As Prescribed


In a May 27 Federal Register notice, the US Department of Health and Human Services (HHS) announced the reinstatement of the Unapproved Drugs Initiative, the FDA’s compliance policy governing marketed unapproved drugs. The announcement is an abrupt—but not unexpected—reversal from a previously issued controversial decision by the Trump administration’s HHS to end the Unapproved Drugs Initiative in November 2020. The reinstatement means that companies that market unapproved drugs should reassess their risk under FDA’s preexisting enforcement priorities.

In its May 27 notice, HHS stated that the November 2020 announcement by former HHS Secretary Alex Azar terminating FDA’s enforcement program against unapproved marketed drugs was “legally and factually inaccurate” and issued without consultation with FDA. “The HHS notice does not accurately reflect the department’s or FDA’s thinking because it is inconsistent with the [Federal Food, Drug, and Cosmetic Act (FFDCA)], FDA regulations, and judicial precedent, among other legal authorities, and is not supported by the facts,” the Federal Register notice states. “In addition, the [November 2020] HHS notice could result in significant harm to public health by suggesting that unsafe or ineffective drugs could circumvent the drug approval process.”

Generally, under the FFDCA, new drugs may not be introduced into interstate commerce unless FDA has approved a drug application based on proof of safety and effectiveness. However, following the 1938 and 1962 amendments to the FFDCA that created the safety and efficacy requirements for drugs, some existing drugs were permitted to be manufactured and sold without approval under the FFDCA’s grandfather clauses. Through a compliance policy guide that was amended over the years (CPG 440.100), FDA encouraged companies to seek New Drug Applications (NDAs) for unapproved marketed drugs and articulated the agency’s risk-based enforcement strategy.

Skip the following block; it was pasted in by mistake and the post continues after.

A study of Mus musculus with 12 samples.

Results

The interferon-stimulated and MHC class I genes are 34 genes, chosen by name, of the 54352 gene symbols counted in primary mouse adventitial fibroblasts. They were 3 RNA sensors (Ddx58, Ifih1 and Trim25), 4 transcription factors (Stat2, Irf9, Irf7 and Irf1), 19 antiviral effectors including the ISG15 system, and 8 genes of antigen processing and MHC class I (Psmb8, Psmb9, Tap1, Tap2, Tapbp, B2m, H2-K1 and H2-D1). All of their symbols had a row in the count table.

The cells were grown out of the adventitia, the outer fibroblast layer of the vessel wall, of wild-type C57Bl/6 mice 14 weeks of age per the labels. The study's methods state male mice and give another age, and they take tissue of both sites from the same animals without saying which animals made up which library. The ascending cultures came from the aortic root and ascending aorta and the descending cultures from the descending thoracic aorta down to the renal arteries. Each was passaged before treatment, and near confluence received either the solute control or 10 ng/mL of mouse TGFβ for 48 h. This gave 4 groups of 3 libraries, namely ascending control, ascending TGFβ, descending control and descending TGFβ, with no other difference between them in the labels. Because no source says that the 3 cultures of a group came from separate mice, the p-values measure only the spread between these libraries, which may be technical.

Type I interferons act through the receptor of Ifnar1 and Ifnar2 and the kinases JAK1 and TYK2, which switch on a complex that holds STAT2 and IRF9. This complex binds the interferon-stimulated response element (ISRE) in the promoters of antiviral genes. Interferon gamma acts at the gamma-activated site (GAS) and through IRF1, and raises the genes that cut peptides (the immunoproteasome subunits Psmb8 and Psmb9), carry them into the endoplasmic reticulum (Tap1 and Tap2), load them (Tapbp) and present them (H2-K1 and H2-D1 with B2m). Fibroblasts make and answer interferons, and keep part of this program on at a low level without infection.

With respect to grandfathered drugs, FDA explained that to qualify for an exemption from the agency’s new drug approval requirement, the drug product, as formulated, would have to have been marketed prior to either 1938 or 1962. Specifically, FDA stated that the grandfather clauses “have been construed very narrowly by the courts. FDA believes that there are very few drugs on the market that are actually entitled to grandfather status because the drugs currently on the market likely differ from the previous versions in some respect, such as formulation, dosage or strength, dosage form, route of administration, indications, or intended patient population.” When ending the Unapproved Drugs Initiative, however, the Trump administration implied that the agency had misinterpreted the definition of what constitutes a new drug, and, as a result, required more products to obtain FDA approval for marketing than what the statute contemplated.

Looking forward, FDA stated that it “plans to issue guidance on [its enforcement authority over unapproved drugs] consistent with good guidance practices.” Pending the issuance of new guidance, the agency “will continue to exercise its existing general approach to prioritizing regulatory and enforcement action, which involves risk-based prioritization in light of all the facts of a given circumstance.”

While the reinstatement of FDA’s Unapproved Drugs Initiative will likely impact only a small number of products on the market, it is, nonetheless, remarkable because it signals a realignment of FDA and HHS decisionmaking around enforcement policies.